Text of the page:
Attaching to him the golden collar and length of chain which had been made a gift to me by the Baron von Luxemburg, rendered in thanks for my assistance in investigating the author of several amorous letters found hidden in the chamber of his youngest daughter Priscilla. By careful application of the scientific principles of investigation along with the floundering and entirely accidental assistance of the inassuagable appetite of Confucius; found missing in the still of the night from his nest at the foot of my bed and discovered only when a methodical search of the Baron's pantry was made.

As I berated the bed-wary burglar on his comportment, the unmistakable sound of the lotharious lyrics of Don Juan de Austria floated in upon gentle breeze. With careful steps I came upon the young Baroness in convocation with the Younger Duke of Bavaria, who had been courting her in secret. To the great joy of the parents the two were fast wed and in reward for my invaluable service, the Baron von Luxemburg presented the golden chain to me with a sly wink and the impetus that I might in the future keep my victual-obsessed vizier close to hand.

As I clasped the collar about him he reached his arms up to me and mewled in his way, affecting a look of such great distress and yearning that I could not but smile and obtain for him the object of his desires, a great golden wig of curled silken locks without which Confucius will not be deign to be seen and the withholding of which sends him into the most frightful of tantrums.

"We go forth to meet the President Arthur, conduct yourself with dignity and perhaps you shall have a chop." I said most generously, and understanding only the word "Chop" Confucius began to rub his great bloated belly most earnestly, reducing me to peals of laughter and earning the piccolo pantaloon a generous pat upon the head.

The President of this venerable Republic, Chester A. Arthur, is among the greatest of men and composes himself to such a degree that even the noblest Kings of Europe, who may trace their lineage to the days of Augustan Rome, are forced to admit that the wealth and dignity which the Great Government bestows upon all men has resulted in a new breed, free from the pathetic despondency of the European peasant and upon whom even they must gaze with quiet awe and respect.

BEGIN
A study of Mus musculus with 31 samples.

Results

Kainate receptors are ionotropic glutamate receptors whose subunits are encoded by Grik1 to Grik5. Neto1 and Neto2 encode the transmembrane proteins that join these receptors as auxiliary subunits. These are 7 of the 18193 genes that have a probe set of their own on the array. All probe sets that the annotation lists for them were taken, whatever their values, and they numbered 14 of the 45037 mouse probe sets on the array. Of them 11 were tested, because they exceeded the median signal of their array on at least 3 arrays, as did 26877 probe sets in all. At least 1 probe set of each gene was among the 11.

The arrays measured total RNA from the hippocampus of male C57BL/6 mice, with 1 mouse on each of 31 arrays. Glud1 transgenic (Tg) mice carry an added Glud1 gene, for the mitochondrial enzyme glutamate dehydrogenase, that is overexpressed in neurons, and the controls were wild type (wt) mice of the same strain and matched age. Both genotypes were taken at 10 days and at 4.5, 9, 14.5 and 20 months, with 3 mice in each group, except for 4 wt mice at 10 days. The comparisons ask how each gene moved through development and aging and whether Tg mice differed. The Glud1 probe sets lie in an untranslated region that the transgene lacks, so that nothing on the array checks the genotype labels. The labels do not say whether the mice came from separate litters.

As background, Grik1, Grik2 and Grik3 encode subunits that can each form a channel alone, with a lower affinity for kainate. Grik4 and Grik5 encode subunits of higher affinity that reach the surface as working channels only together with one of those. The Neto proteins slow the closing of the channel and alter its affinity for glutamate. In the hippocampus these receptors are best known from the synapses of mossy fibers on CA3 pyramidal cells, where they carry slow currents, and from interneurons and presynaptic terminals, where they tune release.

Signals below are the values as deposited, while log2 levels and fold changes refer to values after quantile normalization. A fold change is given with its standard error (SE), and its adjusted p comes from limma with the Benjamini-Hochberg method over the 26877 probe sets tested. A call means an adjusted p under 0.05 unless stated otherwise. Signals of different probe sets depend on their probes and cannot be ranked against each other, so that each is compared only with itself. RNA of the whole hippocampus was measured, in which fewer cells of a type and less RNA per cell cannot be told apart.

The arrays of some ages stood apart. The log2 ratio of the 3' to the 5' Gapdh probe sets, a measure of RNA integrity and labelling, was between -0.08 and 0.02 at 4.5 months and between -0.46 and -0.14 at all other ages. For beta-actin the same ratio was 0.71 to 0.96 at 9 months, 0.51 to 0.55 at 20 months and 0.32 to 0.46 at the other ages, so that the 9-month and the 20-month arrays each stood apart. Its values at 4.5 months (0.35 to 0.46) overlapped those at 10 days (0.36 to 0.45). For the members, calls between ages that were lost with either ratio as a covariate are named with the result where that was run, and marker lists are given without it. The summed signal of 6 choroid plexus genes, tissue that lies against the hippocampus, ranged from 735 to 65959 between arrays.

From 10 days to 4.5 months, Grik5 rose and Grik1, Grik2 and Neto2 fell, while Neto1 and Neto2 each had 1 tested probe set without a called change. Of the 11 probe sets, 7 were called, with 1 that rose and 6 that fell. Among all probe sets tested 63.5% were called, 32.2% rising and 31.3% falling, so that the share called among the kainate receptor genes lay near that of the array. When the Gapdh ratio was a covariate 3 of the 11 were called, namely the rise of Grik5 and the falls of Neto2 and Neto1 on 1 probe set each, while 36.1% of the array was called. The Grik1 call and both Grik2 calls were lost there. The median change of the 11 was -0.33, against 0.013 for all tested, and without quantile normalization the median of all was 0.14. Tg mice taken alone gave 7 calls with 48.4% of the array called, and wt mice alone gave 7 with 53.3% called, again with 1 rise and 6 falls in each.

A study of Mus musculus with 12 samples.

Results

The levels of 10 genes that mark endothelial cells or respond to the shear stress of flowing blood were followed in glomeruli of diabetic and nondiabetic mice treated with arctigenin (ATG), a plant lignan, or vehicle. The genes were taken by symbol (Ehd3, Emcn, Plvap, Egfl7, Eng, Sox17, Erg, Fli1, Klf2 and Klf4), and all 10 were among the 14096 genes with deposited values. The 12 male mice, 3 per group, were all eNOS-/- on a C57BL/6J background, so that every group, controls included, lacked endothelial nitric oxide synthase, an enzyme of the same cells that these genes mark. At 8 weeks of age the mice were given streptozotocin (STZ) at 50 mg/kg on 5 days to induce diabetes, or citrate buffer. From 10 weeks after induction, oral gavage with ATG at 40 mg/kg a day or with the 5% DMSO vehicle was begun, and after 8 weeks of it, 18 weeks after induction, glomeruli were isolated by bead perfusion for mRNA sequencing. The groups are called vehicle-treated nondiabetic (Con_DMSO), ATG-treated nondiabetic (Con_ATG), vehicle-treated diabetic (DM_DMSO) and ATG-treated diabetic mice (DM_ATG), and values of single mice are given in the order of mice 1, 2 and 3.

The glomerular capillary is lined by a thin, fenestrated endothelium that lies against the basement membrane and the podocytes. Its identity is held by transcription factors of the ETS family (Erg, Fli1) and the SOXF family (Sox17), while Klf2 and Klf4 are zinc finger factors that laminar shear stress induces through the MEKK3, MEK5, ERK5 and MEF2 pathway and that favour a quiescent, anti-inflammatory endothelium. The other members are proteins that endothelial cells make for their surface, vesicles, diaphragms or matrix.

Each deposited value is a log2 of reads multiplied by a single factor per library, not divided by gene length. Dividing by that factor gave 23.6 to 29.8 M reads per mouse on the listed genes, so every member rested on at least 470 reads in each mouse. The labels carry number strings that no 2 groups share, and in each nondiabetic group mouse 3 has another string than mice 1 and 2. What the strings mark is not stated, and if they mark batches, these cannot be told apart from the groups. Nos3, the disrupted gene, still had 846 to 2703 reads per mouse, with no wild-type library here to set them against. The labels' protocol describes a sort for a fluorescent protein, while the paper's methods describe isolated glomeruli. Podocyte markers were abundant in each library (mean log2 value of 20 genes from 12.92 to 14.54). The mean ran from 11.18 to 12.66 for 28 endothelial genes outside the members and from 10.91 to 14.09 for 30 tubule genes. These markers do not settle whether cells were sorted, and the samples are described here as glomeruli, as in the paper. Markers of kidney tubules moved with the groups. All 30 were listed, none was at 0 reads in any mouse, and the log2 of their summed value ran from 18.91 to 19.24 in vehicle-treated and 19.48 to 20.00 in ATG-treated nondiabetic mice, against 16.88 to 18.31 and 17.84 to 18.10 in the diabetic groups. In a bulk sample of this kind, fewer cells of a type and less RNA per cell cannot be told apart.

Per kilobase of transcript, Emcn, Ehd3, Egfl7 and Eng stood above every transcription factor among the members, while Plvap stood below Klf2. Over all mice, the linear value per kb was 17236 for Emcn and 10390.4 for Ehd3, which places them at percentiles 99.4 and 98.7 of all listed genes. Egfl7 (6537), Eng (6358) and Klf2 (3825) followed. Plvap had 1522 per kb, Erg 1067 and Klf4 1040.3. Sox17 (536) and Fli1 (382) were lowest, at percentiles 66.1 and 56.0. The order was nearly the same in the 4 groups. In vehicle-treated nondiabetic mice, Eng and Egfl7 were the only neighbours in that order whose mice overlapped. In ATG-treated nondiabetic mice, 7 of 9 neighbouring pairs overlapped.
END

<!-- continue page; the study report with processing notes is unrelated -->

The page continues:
His language is of the highest class, his education not lacking in any degree, his bearing erect and stolid, why even his great mutton chops and mustachio are the envy of all men of distinction and in his manner he is emulated by the smart set of American society. His artful circumlocutions steal the spiel from the driest of wits. His great velveteen frock coats are a model to all of the decadent costumiers of gay Paris. And his wife, such a fine beauty of tender age, disciplined by Arthur himself since her infancy in the proper manners and etiquette befitting a man of his stature.

Why it is said that he bestowed upon her parents her first Babe's Carriage in a careful investment which wealthy men of sobriety have taken to note. Even the sarcastic satirist Samuel Clemens has been forced to abandon his well-honed skeptic's quill and grudgingly admit that President Arthur is, "Of singular note, the finest of men; he shall be remembered through ages yet uncovered."

Upon arriving at the Alabaster Palace with Confucius near-to-hand I was met by the Secretary of War, R.T. Lincoln. The first male descendant of the past President and salvation of our Great Republic Abraham, R.T. Lincoln was girded up in his great suit of plate mail, the mace in his right hand of such immense weight that none but a cyclopean giant such as himself might have manipulated it with anything but the greatest of difficulties. Peering at me for a moment with his great red eye (the other having been taken by the fine gentleman, Colonel Stuart, in singular combat for the bridge at Fredericksburg) he soon recognized me and was heard to exclaim in his rough yet resounding voice, "Kermit Van Rensselaer!" He announced with such enthusiasm that the very panes of glass upon the windows were seen to tremble,

"Arturius sought thee, and I had been bade,
to seek out thine body beneath fen and glade,
for thou art of nature most valiant and brave,
and the President seekest to combat a knave.
But here standest thou, my task is complete,
let us off to Fine Chester upon winged feet!"

I bowed my head low that I might with slyness conceal the smirk upon my face for the Secretary affects a manner of speech most queer, though of certainty there is no more courageous soul and once did I witness him split a man in twain with his great broadsword for an offense quite trivial.